Amsterdam Marathon post-race meal....
the only food around: chicken sandwich and fries.
It was hard to eat well while traveling.
I finished up my 2009 training season with the Amsterdam marathon two weeks ago and am now in a "rest and recovery" phase. I put that in quotes because although I have cut back on running, I am now getting a chance to ride my bike again, and most excitingly for me, I am back at CrossFit hammering away on the strength workouts. It's also a great time for me to work on my diet since I am not as concerned with workout quality now. If I have any changes in energy levels, I can just roll with how I am feeling.
So, tomorrow I am starting the Paleo/Zone diet. For the past 18 months I have been experimenting with the amount of meat and dairy I eat to see how to optimize my body composition and performance. So far I have not been able to get below 19% body fat. A typical healthy clean omnivore diet with grains was good at first and then I started to gain weight. I saw huge performance gains when I switched to a vegan diet but then plateaued and began to go downhill after about 4 months. Neither of those diets were completely sustainable over the long-term for me.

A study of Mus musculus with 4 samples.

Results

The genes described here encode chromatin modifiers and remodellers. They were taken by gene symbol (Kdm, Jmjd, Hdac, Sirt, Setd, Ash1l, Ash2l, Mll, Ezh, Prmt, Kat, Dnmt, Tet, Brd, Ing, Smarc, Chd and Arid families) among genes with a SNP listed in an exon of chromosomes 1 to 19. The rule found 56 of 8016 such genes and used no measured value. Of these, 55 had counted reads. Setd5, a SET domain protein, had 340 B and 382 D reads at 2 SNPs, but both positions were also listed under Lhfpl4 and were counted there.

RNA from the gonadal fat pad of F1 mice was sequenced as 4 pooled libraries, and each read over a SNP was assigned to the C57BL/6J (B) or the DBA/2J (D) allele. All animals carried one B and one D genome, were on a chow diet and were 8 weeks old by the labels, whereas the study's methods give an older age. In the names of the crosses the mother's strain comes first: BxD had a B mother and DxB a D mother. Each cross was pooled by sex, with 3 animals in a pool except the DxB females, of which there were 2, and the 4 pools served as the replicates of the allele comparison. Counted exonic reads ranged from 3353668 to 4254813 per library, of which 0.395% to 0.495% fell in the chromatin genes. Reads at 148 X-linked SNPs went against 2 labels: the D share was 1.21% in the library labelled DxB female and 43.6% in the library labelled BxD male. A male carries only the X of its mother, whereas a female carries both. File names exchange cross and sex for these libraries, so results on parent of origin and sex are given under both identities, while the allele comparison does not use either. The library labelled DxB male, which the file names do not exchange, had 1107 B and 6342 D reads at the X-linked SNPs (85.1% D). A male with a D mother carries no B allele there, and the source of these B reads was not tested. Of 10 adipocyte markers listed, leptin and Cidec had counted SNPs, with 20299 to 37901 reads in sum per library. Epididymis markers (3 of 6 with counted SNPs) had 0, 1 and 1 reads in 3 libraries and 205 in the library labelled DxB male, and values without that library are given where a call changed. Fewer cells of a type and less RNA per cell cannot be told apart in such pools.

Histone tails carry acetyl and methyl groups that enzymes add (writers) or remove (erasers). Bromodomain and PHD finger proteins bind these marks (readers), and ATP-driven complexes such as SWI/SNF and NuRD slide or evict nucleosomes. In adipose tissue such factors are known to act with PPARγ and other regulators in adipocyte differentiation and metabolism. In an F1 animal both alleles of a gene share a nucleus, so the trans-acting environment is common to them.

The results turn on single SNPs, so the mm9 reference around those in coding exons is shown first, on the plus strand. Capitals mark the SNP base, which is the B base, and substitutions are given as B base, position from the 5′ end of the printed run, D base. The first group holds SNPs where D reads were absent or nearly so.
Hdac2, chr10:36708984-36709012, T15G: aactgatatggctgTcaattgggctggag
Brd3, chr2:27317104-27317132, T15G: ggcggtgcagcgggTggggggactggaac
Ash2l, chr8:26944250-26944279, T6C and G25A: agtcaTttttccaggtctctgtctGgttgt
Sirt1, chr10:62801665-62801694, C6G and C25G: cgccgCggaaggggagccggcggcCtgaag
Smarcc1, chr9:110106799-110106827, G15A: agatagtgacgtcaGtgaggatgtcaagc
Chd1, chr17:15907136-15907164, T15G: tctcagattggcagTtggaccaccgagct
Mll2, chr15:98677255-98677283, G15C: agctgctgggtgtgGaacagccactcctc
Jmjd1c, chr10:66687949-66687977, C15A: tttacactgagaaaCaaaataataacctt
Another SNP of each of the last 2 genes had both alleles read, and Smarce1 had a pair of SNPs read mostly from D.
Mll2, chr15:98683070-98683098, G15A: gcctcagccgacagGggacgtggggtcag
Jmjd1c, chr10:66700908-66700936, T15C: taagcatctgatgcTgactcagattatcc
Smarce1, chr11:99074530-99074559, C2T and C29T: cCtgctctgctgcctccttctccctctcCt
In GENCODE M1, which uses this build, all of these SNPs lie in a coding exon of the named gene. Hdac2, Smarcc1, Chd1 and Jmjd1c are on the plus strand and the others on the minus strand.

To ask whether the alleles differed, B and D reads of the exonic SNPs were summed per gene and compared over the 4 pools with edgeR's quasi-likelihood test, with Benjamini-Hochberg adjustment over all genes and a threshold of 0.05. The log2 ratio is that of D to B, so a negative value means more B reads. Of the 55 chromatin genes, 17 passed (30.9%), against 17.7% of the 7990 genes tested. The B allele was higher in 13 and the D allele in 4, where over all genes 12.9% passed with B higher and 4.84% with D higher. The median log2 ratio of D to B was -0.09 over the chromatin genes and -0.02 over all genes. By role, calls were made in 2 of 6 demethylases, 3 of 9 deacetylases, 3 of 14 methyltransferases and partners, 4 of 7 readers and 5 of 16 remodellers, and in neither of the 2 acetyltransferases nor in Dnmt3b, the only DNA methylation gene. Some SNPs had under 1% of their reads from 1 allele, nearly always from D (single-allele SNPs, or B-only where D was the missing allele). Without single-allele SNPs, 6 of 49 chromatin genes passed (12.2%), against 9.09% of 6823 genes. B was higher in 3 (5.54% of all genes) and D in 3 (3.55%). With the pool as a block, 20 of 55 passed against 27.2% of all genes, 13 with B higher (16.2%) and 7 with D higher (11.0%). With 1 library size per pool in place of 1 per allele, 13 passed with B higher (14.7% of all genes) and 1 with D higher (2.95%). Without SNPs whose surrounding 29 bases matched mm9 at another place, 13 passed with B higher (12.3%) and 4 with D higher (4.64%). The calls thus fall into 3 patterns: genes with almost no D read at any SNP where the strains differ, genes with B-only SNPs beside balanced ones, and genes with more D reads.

CrossFit people swear by this Paleo/Zone combo thing, so that's my next plan of attack. It's a 40/30/30 carb/protein/fat ratio, with emphasis on fruits, veggies, nuts, and meat. It's actually going to be a lot like the Engine 2 vegan diet, except with meat and fish added. I'm choosing not to eat any dairy other than eggs.
The hardest thing about this for me is going to be cutting out the grains. Giving up my morning oatmeal is going to be a bit traumatic. This challenge feels almost more daunting to me than Ironman training. There is probably a reason I have done two Ironmans, but have never been able to optimize my diet. This is about facing my deepest fears and learning to be ok without the comfort that I am used to getting from certain foods. I am ready to do it. 100% or nothing.
Nutrition coach Crystal Nelson of CrossFit Central is going to keep me on track. She says the first three days will be very hard, the first week will be challenging, but after two weeks my body will be used to the change and I will start to see the benefits.